Gloria Steinem lectures at Western Carolina University

Women's rights activist, Gloria Steinem, speaks in the Bardo Arts Center. Photo by Alina Voronenko

The story was updated with video footage on March 17, 2014

Women’s rights activist Gloria Steinem took the stage receiving a blazing round of applause from a sold out crowd on Thursday, March 6, at Western Carolina’s Bardo Arts Center.

As anticipated, Steinem talked about inequality in the workforce, gender and race wage-gape and issues on domestic abuse. The overriding lesson is these issues are still a movement and work still needs to be done.

“Movements give birth to movements. Freedom is a very contagious idea,” Steinem said.

When society sees a change, the mindset is that the issue is resolved. Steinem brought up an example saying that by electing a black president, people think racism is no longer valid.

The audience’s reaction to Steinem’s speech carried different impressions. Some had an optimistic view on the speech like Mildred DelForge.

“When a woman speaks and the man speaks, we cannot give the woman as much respect as we give to a man and I am guilty of that myself,” DelForge said.

Steinem brought up inequality in the workforce and she mentioned how much validation a man holds while a woman is seen as being out of place.

On the contrary, some audience members felt differently about Steinem’s lecture. Attendee Cheryl Pile felt that Steinem had a pessimistic outlook and her passion wasn’t there.

“I really don’t think it was an encouraging positive venue,” Pile said.“I felt that it could have been done with a lot more encouragement, enthusiasm and passion about where this new generation will take us in the future.”

Steinem answered questions from the audience to address personal thoughts. The crowd took the time to thank Steinem and showed her respect with a standing ovation.

What makes Steinem a big deal?

The 1960s: “Take It All In” WCU steering committee is credited for bringing Steinem to campus.

“Early in the planning process, when the committee discussed possible guests to feature during our 1960s: “Take it All In” exploration, Ms. Steinem’s name was suggested and met with a lot of enthusiasm,” professor of music and chair of the committee, Amy Cherry, said.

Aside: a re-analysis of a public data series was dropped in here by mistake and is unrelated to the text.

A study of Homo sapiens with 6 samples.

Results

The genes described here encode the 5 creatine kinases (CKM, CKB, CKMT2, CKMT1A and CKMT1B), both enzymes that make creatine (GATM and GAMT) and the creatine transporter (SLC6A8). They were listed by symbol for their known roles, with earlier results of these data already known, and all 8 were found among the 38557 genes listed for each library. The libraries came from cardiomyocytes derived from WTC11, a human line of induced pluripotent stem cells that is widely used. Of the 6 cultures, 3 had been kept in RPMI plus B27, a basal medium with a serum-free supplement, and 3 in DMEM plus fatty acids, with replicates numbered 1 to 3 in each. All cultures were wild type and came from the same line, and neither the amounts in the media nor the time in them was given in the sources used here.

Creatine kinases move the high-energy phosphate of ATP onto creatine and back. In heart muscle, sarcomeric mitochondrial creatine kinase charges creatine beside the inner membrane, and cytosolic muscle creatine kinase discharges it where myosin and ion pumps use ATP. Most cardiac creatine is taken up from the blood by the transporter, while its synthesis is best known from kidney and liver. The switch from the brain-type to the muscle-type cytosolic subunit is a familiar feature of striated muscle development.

She hopes that Steinem’s work will show students that there is a lot to be done regarding women’s rights and social justice.

Arguably, one of the most well-known American feminists of all time Steinem was awarded the Presidential Medal of Freedom by Barack Obama in 2013.

Steinem is a graduate of Smith College in 1956 where she studied government. This was a non-traditional choice for a woman at that time but Steinem was never known to be a follower of tradition. After graduation Steinem traveled to India and then became a freelance writer for Show magazine writing one of her most known article A Bunny’s Tale in 1963.

Steinem has a long history of prominent achievements. She was co-founder of New York and Ms. Magazine, founder of Take Our Daughters to Work Day, best-selling author including Revolution from within: A Book of Self-Esteem and co-founder of the Women’s Media Center in New York, N.Y. In 1993, Steinem was inducted into the National Women’s Hall of Fame in Seneca, N.Y. Biography magazine listed her as one of 25 most influential women in America.

Steinem continues to speak on university campuses and is planning a getaway trip for her birthday. She encourages students by offering hope for the future to students who are struggling with equality and gender issues.

“In general hope is a form of planning. If you are hopeful, you are envisioning what could be,” Steinem said during her lecture.

See a short video from Steinem speech at WCU and answering questions from the audience.